5 Films that Deserve Game Tie-Ins (but will never get them)

March 3, 2010 § 2 Comments

Movie game tie-ins suck, there’s no two ways about it. Development teams are given mere months to bring a project to completion, their control over the IP is minimal at best, and they have to suffer all the trials and tribulations of film editing, which at times can eradicate, weeks of work. A message will be passed down from upper management, “Hey,” they’ll say, “Remember that water level you spend days programming, modeling, texturing and testing? Well they cut that scene from the movie.” This development environment is so hostile one designer who’s had to work on such projects remarked that the best game developers are completely unknown to gamers, because these are the people that manage to pull an average game out of a project that should be utter garbage.

So let it be known that I’m under no illusions here. If these films were given games to their name, if some studio went out of its way to buy up the rights, and then put something out, it would almost definitely be awful, and would likely sour your memories of the original.

Don’t let this deter you though. No one ever let reality interfere with their ‘What if?’s before. Just think about it, if these games were made in the way we’d want them to be made, they’d be awesome.

Blade Runner

I’ll admit right off the bat here that I’m not a huge fan of the original. I blame coming to it too late, having watched the reams of imitations over the years which have taken everything from the original, modernised, and then repackaged it. By the time I reached the original, the Blade Runner film itself, I wasn’t watching the real movie, I was watching a flashback, something I’d almost seen before through the eyes of all the film makers who’ve since taken inspiration from it.

So the film for me personally, not so much.

But the world.

Oh the world is stunning. A bustling metropolis as tall as it is wide, unexplainable fashions, and crimes so fantastical you can’t help be amazed. Of course I want to be a blade runner, I want to have my own flying cop car, landing anywhere I damn well please. I will not be Harrison Ford, I will not spend my days investigating a single set of clones that are running amok, but I will see him, I will be in his group, his precinct. I will do the everyday detective stuff that is only hinted at in the movie, and then I will become corrupt.

Yes I will become corrupt. I will engage with the criminal underworld, ferrying clone parts around the city in my cop car which will – did I mention this before? – fly. I want to solve crimes, not by shooting everyone in the room, but by chasing people, by running across impossibly high rooftops, leaping into my flying cop car (yes my FLYING cop car!) and chasing them through skyscrapers filled with more people wearing stupid, but undeniably cool outfits.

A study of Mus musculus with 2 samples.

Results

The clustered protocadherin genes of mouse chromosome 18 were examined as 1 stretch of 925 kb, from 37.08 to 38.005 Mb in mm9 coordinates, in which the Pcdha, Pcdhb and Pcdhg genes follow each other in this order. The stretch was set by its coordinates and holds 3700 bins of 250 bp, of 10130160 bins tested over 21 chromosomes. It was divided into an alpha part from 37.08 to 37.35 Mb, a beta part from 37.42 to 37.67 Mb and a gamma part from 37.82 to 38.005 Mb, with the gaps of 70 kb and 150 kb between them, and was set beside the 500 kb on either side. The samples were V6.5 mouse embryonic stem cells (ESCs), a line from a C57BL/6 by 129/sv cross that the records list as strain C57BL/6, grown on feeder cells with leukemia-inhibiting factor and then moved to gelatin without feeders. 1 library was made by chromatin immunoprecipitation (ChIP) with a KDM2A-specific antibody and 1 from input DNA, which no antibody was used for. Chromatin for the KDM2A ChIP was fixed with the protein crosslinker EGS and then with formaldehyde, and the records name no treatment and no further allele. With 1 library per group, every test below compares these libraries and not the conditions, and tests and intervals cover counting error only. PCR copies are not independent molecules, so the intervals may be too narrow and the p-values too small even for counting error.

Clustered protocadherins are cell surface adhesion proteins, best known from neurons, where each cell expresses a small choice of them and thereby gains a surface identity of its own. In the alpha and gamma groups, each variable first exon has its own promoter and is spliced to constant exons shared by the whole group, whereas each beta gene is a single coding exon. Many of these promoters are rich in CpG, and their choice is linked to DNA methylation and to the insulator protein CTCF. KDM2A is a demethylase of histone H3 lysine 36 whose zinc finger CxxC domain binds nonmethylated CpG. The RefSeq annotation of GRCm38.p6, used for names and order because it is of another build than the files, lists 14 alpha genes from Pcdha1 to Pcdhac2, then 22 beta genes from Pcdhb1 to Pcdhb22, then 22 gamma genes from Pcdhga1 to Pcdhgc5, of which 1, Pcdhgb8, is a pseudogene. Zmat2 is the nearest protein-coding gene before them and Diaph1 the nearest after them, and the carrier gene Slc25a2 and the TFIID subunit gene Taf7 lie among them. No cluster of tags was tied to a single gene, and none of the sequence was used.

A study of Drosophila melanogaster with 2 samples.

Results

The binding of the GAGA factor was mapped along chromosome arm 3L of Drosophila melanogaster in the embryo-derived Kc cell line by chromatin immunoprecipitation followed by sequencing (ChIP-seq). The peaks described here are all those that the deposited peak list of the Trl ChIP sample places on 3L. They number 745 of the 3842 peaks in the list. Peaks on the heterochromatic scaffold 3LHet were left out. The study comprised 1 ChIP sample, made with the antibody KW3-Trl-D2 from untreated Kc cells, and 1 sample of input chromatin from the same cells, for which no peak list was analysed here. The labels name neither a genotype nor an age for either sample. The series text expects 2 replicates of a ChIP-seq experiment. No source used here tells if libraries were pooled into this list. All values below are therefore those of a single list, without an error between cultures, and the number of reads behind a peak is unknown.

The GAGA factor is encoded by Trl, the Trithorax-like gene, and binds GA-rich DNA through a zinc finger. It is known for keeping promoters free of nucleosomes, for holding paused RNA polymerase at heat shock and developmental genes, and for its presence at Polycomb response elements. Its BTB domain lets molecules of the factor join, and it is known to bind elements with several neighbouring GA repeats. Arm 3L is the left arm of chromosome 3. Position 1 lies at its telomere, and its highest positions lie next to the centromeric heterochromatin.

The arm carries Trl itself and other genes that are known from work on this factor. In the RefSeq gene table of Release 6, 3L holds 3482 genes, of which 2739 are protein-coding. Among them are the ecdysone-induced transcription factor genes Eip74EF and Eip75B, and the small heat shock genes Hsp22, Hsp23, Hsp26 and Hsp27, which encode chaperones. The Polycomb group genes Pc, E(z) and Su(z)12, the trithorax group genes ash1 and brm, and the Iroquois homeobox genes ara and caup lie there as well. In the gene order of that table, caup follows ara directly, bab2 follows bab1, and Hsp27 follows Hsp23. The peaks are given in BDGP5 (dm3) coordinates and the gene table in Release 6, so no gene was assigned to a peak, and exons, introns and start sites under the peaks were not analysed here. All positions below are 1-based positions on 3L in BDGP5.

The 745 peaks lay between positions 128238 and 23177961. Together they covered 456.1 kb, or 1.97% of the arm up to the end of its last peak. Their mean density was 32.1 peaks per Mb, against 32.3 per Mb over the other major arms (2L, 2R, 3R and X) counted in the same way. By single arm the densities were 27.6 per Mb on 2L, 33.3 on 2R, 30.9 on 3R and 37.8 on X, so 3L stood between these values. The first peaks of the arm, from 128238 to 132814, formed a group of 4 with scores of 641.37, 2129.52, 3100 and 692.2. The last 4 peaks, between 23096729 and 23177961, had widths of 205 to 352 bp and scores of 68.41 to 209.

It’s hard enough making an open world game with two axis of exploration. Alex Ward of Criterion Games summed the problem up perfectly when he said that for a standard game you have to build an engine that can render ‘x’ amount of environment, but in an open world game you need one which can render ‘x-squared’ amount of data. The player can change direction at any time, and the game needs to be ready to cope with this. Following on from this logic ‘x-cubed’ amount of environment would mean a huge amount more work, and make no mistake about it, if I’m going to play a Blade Runner game with my flying car, I want there to be as much to explore upwards as there is to explore across.

So the world will be too difficult to do justice, and once you’re willing to compromise on the world, why are you even bothering to make a Blade Runner game at all? There’s also the problem that after all this time there might not even be a sufficient audience for such a game, but then I wouldn’t really be in the target demographic anyway so who cares what I think?

Serenity/ Firefly

Let’s forget for a moment that an MMO based on the cripplingly short lived television series turned sci-fi flick has already been announced. That was over five years ago, and it’s the future now, and us cool future people are having too much fun with our hover trousers to care about anything those dotcom fat-cats might have said all those years ago.

Much like Blade Runner, any aspirations to play a Firefly-based game revolve around one thing. We all want to be Captain Mal. Let’s face it, he’s ruggedly handsome, doesn’t take crap from anyone, and even has time to own his own space-ship. He’s Nathan Drake before Nathan Drake existed, but cooler, because yaknow…spaceship?

Other things about the series add to the awesome video game vibe of course. The ship Serenity is a magnificent beast, and the crew members Mal flies with are so conflicting and memorable that you can’t wait to sit through hours upon hours of dialogue trees to find out all about them.

Discounting ‘Serenity’ the fact that the plot of Firefly was episodic in nature would make the transition to level-based gameplay much less jarring. Many episodes even come tantalisingly close to showing what a video game could make of the universe, with train heists, robberies, and spaceship chases that should have every gamer salivating.

It will never happen of course. It seems studios have learnt their lesson with Firefly, the TV show never got the ratings it needed to stay afloat and the film barely covered its relatively small budget. Putting the quality of the products to one side it’s hard to see why a publisher would look at the franchise and think a big budget release would be a good idea.

Oh and let’s not forget that Uncharted 2 has already been made.

Stay tuned for Part 2.
The posting of positive comments may or may not hurry the posting of the second part.